Millions of people are set to get cheaper internet access after BT was told this week to slash the prices it charges rival firms in rural areas.

Ofcom, the UK telecoms regulator, has instructed BT to cut annual prices by 12% below inflation for the next three years for firms that use its network to supply remote rural locations. It is hoped these buyers will then pass on cuts to consumers.

Key Points

  • BT ordered to cut prices to firms that use its network
  • Firms then expected to pass on cuts for consumers
  • Up to three million homes and businesses could benefit

Up to three million homes and businesses will benefit from the reduction, it is claimed, especially those located in the hard-to-access parts of Scotland, Wales and Northern Ireland, the South West, Yorkshire, Northumberland and Cumbria.

The reduction does not include connection, which reduces the effective price cut to about 11%, Ofcom adds.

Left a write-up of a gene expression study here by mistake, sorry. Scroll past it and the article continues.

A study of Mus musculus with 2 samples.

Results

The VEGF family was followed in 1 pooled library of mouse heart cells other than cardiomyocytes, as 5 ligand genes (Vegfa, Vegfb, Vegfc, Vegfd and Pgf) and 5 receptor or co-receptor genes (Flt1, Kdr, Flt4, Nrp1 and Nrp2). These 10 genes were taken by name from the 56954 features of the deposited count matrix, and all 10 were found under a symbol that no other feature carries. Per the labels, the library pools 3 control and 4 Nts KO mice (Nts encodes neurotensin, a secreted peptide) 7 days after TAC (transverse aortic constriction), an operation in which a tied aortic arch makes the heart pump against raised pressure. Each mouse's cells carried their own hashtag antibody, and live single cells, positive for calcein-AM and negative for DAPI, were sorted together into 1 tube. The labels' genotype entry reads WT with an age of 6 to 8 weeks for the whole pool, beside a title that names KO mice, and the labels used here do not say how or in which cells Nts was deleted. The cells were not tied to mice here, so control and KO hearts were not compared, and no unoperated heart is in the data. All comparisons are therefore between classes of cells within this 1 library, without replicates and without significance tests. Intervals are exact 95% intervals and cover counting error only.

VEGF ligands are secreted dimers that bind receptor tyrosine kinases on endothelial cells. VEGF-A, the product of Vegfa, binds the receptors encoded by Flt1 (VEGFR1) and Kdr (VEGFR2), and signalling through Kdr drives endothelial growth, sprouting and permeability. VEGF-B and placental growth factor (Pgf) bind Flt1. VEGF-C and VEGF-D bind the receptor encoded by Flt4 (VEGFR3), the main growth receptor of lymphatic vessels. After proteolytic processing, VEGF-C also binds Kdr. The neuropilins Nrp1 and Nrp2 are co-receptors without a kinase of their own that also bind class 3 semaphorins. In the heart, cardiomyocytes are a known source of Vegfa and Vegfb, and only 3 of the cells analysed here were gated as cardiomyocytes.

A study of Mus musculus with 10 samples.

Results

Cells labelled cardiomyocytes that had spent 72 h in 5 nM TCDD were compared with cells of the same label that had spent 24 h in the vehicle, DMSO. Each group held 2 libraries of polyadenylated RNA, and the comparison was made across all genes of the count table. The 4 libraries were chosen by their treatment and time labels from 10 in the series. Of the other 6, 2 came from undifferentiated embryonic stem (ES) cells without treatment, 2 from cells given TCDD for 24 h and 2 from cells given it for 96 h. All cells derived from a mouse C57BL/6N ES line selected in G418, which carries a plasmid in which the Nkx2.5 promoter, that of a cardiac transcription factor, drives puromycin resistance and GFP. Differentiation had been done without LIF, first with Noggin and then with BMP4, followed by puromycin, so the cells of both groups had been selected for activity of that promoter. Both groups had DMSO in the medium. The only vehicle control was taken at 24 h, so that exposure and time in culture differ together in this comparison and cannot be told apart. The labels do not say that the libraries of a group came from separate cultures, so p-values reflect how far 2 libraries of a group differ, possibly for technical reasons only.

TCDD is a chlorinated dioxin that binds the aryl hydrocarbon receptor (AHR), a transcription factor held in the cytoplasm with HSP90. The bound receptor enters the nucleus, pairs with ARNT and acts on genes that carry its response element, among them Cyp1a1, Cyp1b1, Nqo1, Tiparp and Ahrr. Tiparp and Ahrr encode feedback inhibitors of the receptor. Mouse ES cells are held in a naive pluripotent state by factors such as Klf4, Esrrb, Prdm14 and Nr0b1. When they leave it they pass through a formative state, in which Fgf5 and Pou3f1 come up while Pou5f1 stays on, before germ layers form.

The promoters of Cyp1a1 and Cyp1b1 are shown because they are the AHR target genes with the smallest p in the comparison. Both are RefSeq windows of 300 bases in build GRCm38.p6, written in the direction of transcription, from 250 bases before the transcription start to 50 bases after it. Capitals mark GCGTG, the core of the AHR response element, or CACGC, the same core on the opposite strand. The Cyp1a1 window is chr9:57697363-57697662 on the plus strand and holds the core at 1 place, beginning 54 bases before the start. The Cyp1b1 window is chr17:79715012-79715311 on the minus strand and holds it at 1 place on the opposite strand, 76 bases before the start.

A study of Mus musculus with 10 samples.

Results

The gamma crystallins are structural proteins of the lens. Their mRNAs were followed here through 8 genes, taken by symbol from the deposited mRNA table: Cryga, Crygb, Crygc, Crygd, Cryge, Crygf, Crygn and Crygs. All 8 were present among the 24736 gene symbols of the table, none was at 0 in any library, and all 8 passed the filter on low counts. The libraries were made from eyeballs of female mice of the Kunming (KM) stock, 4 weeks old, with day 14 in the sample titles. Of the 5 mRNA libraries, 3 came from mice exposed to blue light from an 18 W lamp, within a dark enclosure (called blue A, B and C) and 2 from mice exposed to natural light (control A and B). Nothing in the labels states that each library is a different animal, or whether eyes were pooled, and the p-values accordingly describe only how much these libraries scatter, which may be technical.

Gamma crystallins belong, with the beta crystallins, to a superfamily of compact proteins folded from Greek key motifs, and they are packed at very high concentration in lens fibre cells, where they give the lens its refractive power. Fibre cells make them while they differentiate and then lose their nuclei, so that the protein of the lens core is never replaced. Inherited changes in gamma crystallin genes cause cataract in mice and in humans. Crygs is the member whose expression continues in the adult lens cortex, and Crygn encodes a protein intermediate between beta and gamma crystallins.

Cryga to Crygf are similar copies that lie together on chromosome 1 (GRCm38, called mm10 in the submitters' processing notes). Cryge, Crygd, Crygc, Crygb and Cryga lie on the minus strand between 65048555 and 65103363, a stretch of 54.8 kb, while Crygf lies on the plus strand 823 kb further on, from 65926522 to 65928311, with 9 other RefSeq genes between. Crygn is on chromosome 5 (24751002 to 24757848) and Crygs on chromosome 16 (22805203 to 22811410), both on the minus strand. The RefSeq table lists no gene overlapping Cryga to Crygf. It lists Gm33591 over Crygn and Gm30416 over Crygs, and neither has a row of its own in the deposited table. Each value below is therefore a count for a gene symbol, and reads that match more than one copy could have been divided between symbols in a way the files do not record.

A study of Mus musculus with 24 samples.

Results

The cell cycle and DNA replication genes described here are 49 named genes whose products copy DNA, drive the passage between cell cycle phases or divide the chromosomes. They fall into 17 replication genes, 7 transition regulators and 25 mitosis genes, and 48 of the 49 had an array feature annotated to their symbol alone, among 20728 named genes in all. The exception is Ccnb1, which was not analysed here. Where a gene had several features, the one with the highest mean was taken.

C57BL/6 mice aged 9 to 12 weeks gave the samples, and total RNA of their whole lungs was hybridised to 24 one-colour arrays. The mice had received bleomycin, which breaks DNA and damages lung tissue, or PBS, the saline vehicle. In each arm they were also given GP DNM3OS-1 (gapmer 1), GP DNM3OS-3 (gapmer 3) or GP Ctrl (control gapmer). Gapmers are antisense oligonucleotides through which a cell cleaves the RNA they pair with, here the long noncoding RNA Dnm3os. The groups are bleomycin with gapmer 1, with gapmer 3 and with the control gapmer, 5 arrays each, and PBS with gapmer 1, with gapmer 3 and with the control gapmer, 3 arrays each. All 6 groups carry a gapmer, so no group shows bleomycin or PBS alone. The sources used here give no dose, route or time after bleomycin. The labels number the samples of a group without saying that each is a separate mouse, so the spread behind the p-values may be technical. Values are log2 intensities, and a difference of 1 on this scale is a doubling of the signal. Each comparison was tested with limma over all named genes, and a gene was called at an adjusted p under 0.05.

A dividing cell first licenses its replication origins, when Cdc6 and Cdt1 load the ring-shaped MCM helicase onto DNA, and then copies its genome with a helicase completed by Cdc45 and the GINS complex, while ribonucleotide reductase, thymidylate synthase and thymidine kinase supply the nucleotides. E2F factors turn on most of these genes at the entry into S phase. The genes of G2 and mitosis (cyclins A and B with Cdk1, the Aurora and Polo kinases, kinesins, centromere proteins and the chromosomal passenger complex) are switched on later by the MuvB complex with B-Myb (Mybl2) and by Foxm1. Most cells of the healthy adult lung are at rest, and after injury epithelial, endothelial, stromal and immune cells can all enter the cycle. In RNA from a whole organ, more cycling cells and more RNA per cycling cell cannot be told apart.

Higher delivery costs mean customers in remote areas pay more than those in the cities and towns, but the regulator wants the cut to encourage both internet providers and BT to invest more in upgrading their systems.

This should result in lower prices and also faster access speeds, while also encouraging more providers to install their own networks to compete with BT.

The regulator says 78% of broadband customers are in densely-populated and urban areas, which have effective competition and get a good service, but deals are still limited for the population outside these areas.

BT says nearly two-thirds of its 5,500 telecoms exchanges serve the remote area market, but they account for only 12% of customers.

A BT spokesman says: "Unlike many other providers, despite the higher costs involved, BT's consumer broadband products have always been priced the same in rural areas as in urban areas.

"This ruling is therefore of more relevance to those internet service providers who currently charge a supplement in rural areas."

Ofcom flagged its intention to impose the price cuts in January when it indicated the reductions would be in a range of 10.75% to 14.75% below inflation.

Caroline Spelman, Secretary of State for Environment, Food and Rural Affairs, says: "Decent internet access is vital for rural business and education, helping to promote social inclusion and improving life in rural areas right across the country."